I'm working for a site that is basically a regional/provincial hub for everything from events to classified ads.

When you first get on the homepage you get provincial news, events, classified ads and many other things.

The site slogan is something like My province in one click.

Based on that slogan the categories are named as follow:

My events, my content, my classified ads, my news, my weather and so on.

I don't personally think its good practice to prefix everything with my and would like some opinion on this from the IA community.

6 Answers 6


Is the user logged in? I wouldn't use MY unless it's for groups of items they themselves have created, then it truly becomes MY stuff.

The word MY just takes up extra room in navigations and menus and the like and can makes lists harder to scan.

The slogan "My province" is enough to show the user the content is local and the promise of "one click?" well I've already used one to get to the homepage, so how many more clicks through the "MY..." categories will be needed before users get content they want to see?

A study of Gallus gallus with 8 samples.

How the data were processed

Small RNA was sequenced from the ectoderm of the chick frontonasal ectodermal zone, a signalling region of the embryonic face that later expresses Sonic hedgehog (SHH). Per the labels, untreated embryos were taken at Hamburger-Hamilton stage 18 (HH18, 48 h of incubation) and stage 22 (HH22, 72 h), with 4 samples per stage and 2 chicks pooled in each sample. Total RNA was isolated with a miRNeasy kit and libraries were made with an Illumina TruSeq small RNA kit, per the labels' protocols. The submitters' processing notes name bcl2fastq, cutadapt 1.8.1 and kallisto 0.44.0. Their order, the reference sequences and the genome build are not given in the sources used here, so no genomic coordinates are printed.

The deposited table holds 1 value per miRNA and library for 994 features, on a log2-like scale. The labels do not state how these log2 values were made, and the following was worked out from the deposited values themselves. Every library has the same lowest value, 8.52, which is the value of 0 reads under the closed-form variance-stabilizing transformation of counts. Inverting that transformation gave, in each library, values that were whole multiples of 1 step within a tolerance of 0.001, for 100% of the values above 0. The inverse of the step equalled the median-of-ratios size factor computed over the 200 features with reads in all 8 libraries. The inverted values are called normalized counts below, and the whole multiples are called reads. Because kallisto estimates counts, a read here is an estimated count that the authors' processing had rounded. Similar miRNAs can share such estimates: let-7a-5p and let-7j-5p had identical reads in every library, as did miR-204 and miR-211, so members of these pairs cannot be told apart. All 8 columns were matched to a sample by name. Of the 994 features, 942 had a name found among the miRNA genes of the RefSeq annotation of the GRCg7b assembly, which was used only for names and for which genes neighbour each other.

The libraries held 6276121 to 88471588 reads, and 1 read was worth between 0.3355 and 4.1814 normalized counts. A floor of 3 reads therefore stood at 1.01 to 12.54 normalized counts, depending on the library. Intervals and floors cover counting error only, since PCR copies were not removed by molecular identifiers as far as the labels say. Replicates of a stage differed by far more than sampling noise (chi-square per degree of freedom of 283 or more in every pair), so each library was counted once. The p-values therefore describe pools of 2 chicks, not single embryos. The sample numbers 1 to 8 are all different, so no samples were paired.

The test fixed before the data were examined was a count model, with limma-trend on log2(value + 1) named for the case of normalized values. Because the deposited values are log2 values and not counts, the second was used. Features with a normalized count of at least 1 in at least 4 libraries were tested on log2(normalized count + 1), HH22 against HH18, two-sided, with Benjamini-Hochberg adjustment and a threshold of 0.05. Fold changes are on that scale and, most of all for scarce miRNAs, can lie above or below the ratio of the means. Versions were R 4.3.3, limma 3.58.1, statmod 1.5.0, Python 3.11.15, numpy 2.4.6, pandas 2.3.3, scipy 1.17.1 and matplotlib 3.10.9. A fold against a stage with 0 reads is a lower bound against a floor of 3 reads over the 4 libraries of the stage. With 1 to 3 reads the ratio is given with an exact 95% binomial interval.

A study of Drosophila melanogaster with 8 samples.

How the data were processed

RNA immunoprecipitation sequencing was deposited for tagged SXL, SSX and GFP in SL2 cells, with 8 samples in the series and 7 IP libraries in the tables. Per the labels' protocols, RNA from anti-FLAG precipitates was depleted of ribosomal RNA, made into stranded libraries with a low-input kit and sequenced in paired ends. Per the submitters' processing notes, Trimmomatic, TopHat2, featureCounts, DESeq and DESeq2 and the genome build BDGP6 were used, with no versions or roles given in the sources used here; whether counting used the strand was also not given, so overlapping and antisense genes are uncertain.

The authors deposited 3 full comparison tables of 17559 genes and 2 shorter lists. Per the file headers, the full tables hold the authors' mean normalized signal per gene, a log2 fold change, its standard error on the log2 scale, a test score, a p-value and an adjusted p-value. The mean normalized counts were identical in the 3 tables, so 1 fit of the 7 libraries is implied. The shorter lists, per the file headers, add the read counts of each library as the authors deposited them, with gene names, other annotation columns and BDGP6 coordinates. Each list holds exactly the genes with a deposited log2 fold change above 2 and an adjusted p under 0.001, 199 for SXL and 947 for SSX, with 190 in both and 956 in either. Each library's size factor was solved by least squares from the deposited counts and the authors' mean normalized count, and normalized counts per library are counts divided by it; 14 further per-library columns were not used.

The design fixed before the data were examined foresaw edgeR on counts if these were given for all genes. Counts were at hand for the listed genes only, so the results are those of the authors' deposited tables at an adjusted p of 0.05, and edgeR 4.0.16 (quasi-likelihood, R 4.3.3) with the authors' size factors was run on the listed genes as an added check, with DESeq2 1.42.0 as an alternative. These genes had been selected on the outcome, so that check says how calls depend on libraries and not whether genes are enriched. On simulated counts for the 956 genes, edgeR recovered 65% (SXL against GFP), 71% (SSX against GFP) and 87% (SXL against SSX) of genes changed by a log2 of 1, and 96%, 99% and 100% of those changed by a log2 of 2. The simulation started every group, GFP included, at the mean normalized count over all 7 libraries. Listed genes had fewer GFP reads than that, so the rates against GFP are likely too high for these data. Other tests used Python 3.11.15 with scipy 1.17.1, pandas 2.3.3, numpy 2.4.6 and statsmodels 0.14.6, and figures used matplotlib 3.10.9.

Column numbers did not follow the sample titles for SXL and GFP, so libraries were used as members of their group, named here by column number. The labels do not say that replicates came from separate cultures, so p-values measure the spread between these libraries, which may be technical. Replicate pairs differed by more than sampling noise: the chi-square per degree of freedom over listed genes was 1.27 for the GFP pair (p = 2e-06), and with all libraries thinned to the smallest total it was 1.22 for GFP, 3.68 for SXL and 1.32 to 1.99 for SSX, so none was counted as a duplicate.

Id rethink the slogan too :)

    – Pedro
    Sep 3, 2010 at 7:19

See the my vs. your pattern on Yahoo's pattern library:



Prefixing everything with my increases the ratio of noise to signal on your design by adding elements that don't hold significance. It creates awkward repetition and by decreasing the sightedness in link phrase shape, makes it harder to seek links quickly. It also puts a non-unique word on the left of the link, which means it takes longer to recognize when scanned as part of a vertical list.

Unless you have to specifically disambiguate something's ownership, avoid "my" and "your" prefixes by default.


"My" seems to be much more of a marketing/branding decision. Sometimes those conflict with ideal UX.

If it is used, I definitely agree with Nathan. It should be an indicator of personalization on some level.


Arpit suggests a really useful article. While using 'my' aims to be personal, it often comes across as a robotic assistant.


The only extension to what Nathan (and others) have said is that you may be able to create the illusion of personalization (thus justifying the use of "My") by prompting the user to perform a search when they first choose a certain section (a search which masquerades as a type of personalization) e.g. What kind of events are you interested in? You could remember their settings next time they come back, too.

However, this could have a negative impact in that it might reduce the content to silly levels - the user might miss something they're interested in because of how it has been categorized for example - and it might put people off going further. I'd imagine the goal is, like most information sites, to allow the user to get to the information as quickly and easily as possible.

I quite like the idea of implied personalization, and the "My" keyword does that to an extent. But I agree with the others, it should only be used for things that the user has control over.